Thursday, February 08, 2007

Martinez Interview Shows LAT Internet Improving

Improvements in the long-deficient Los Angeles Times Web site are illustrated today with the 63-minute live chat featuring Andres Martinez, editor of the L.A. Times editorial pages.

Martinez does a good job of parrying questions about alleged Times ideological slants on immigration and Iraq war issues, and the Times commendably has not edited out suggestios that the newspaper has been deteriorating, although Martinez makes the point there's still a lot of good things in it.

This is a good format for Martinez, who says he has been in Los Angeles for two years now and likes it. He also answered questions about the Times carrying too many Easterners in its commentary pages, the Current section, and so forth. Altogether, it seemed to me this was a productive exchange, and apparently we can look forward to other chats with seniors at the newspaper.

The Martinez chat is moderated by Tim Cavanaugh, who does a good job. It was heartening to see last week that the Web site hired someone from the International Herald Tribune in Paris to improve its presentation.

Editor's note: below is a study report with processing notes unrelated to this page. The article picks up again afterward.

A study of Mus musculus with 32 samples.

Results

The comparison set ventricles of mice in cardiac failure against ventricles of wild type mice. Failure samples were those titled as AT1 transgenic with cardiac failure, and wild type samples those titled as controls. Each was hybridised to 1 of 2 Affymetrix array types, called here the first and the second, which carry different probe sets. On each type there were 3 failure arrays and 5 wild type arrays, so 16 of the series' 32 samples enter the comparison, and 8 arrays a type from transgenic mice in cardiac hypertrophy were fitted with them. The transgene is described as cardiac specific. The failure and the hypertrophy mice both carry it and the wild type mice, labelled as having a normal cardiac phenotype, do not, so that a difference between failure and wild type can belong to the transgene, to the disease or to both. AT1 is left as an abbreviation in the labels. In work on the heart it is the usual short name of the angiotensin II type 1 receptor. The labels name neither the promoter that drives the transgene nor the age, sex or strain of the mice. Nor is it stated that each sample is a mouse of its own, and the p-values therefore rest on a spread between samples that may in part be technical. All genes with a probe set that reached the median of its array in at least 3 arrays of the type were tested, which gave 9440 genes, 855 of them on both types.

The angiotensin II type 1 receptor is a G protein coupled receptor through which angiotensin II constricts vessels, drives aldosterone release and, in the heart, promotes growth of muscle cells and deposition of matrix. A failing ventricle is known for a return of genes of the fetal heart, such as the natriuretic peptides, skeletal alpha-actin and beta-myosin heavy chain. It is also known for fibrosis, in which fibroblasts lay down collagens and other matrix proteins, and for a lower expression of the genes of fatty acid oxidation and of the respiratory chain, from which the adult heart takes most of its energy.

As I say, this is a step forward, as is the greater focus on traffic issues in the newspaper as a whole in a better display of this vital consumer issue. Just this morning, the lead article on Page One is about American airline service on what is called in the headline "a bumpy ride." This is a subject that has been written about a great deal by air travel columnist Joe Sharkey in the New York Times.

The Times also reports this morning that in Washington, the House of Representatives has at last passed a bill repealing a ban on federal money for extension of the subway toward Santa Monica on the West Side. That bill now goes to the Senate and is expected to be signed into law soon by President Bush. Although the article makes the point that the 13-mile extension will cost $4.8 billion and take a long time to accomplish, at least steps forward are being taken.

The Times also apparently is moving to clear up an ethical transgression after the revelation that columnist Steve Lopez has not been the actual author on a number of his traffic blogs. It is, of course, important to say clearly just who is the author of all blogs on the Web site.